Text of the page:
An odd affliction seems to have affected Prime Minister Bill English in Europe: he has forgotten John Key's name.

Every time the topic of Key comes up - and it is usually raised by English rather than others - he refers to Key not by name but as "The Former Prime Minister."

English's first trip as PM was always going to invite comparisons between his style and Key's. And in Europe, English was clearly trying out a few of Key's techniques.

READ MORE: Q&A session with Bill English


But of all the advice English took, it was the longstanding adage "smile and the world smiles with you" that appears to have stuck.

English has barely stopped smiling since he became Prime Minister.

On his first overseas trip, English gripped and grinned his way around Europe with such commitment he will return to New Zealand needing physio on his cheeks.

He arrived in Europe smiling, despite more than 30 hours of travel and arriving at Brussels by train to the grimy red light district rather than to a red carpet welcome at the airport, thanks to his travel plans being derailed by snow.

He smiled when he met Nato head Jens Stoltenburg in the Soviet-like concrete architecture of the Nato HQ. He smiled when he stood alongside British PM Theresa May in the plush wood-panelled surrounds of 10 Downing St.

Despite the snow and -5C temperatures, English was still smiling when he got to Berlin for his meeting with German Chancellor Angela Merkel - the most powerful person in Europe who dispenses her own smiles sparingly but nonetheless found herself beaming back at English.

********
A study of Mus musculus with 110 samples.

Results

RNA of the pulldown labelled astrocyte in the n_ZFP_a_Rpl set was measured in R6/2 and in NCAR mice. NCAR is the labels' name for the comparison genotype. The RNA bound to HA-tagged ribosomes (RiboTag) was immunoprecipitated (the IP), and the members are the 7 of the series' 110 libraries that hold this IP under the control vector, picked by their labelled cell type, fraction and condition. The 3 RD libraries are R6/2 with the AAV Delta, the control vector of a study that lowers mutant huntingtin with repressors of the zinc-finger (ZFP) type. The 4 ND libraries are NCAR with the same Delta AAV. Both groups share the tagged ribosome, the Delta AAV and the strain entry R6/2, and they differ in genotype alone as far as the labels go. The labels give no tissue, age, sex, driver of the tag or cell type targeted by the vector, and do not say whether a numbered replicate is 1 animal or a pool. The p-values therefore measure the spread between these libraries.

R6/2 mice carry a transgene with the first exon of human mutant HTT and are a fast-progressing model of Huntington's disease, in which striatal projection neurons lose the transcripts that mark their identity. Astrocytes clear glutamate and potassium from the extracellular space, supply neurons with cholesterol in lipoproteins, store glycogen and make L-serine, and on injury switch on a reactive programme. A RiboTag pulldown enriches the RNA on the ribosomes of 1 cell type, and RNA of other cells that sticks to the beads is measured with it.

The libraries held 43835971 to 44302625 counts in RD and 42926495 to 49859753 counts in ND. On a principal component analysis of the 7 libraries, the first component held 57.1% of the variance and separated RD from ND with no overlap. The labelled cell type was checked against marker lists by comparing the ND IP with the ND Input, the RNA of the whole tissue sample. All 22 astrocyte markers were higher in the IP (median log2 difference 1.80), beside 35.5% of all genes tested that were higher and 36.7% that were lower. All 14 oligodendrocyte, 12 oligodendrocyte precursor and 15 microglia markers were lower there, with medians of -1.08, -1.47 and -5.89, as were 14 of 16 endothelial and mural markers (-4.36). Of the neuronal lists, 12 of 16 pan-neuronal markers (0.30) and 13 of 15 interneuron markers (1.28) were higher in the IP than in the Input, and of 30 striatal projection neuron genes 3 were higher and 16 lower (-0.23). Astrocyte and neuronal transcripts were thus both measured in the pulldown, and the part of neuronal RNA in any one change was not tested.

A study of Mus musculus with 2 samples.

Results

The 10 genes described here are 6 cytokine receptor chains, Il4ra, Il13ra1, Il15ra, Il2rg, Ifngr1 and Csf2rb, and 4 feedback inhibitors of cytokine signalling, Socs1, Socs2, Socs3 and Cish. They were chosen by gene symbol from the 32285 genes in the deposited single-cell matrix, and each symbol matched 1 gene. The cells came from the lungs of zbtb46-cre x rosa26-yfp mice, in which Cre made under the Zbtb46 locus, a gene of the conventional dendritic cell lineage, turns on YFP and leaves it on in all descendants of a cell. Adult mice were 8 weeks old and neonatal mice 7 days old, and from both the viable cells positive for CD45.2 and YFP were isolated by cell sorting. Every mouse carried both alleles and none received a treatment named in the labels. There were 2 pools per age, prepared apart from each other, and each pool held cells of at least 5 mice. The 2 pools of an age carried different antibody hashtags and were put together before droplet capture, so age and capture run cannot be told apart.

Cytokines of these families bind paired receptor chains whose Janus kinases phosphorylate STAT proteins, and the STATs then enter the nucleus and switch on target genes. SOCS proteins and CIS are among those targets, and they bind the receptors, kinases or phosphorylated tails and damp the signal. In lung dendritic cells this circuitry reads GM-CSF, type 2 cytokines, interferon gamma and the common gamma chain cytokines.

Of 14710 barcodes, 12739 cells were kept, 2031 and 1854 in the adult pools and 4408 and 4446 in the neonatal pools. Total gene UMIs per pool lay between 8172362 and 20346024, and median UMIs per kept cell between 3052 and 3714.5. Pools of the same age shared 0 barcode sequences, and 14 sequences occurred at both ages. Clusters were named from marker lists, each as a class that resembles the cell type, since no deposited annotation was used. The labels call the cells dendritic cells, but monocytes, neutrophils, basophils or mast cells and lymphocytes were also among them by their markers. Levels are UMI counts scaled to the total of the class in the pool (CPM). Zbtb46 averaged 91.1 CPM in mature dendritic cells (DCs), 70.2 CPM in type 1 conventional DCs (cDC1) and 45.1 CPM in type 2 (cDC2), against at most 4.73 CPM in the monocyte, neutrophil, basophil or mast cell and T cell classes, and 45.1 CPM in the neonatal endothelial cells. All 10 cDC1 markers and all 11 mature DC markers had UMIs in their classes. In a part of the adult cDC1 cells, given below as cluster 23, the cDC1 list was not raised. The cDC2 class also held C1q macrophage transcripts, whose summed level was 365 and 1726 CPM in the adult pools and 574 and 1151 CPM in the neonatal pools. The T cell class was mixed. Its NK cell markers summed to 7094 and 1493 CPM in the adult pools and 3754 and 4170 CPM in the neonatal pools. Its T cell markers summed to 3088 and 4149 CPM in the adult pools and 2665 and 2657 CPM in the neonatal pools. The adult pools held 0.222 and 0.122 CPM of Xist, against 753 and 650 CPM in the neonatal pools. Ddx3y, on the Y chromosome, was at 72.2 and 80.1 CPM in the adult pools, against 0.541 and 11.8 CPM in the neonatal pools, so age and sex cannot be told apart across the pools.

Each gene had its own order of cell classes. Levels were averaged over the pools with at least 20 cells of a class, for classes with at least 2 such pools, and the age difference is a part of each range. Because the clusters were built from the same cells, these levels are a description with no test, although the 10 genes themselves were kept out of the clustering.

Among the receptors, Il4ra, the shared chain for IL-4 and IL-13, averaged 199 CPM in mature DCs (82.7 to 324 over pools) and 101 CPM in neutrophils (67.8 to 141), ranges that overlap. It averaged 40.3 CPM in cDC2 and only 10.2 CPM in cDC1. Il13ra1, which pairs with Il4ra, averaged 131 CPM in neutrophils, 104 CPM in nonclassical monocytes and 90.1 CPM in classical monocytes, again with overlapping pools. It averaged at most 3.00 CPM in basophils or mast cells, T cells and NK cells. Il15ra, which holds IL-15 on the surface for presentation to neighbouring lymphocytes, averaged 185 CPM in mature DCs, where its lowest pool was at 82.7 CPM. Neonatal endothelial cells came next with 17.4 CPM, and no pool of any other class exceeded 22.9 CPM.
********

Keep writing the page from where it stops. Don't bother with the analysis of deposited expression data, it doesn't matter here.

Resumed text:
It was English's maiden voyage as Prime Minister and the smile helped him dodge the land-mines that awaited. So too did English's confidence.

If he was nervous it did not show - other than forgetting what he ate for lunch at both 10 Downing St and Merkel's Chancellery.

His handling of the press conferences with May and Merkel were not one of a novice.

The trip also showed English settling into the extra responsibilities and accountability that comes with being PM. English has been in politics for 26 years, but there are still unexplored territories in his own belief system.

New Zealanders like to know what drives their leaders. English is acutely aware he is yet to put himself up to the public vote to be PM. So English has started to open up without quibbling about his views on matters from climate change to the monarchy and flag - even though that meant implicit criticism of Key.

English returns to New Zealand a happy man. He might have arrived in a red light district but by the time he had left he had notched up enough green lights to compensate - European Commission president Jean Claude Juncker's estimate of a free trade agreement within 2-3 years might be hopelessly optimistic but to have him say it out loud was enough. Then there was May's own pledge to start trade talks with New Zealand as soon as possible - although English was careful to make it clear to the EU leaders that the EU deal took priority.

The smiling also disguised the difficulty of his tight rope walk in pushing home New Zealand's case on both sides of the Brexit divide without giving any hint of taking a side.

There was palpable anger at the EU about Brexit - starkly shown in Juncker's sharp "no" when English was asked whether New Zealand could get a better deal out of the UK as a result of Brexit.

New Zealand could well simply be a useful tool for both to prove a point - in the EU's case to show it is not paralysed by Brexit and in the UK's to get some early experience on board and show it can cope post Brexit by negotiating its own free trade deals.

Whatever their motives, it is money in the bank for New Zealand - and English will grab it.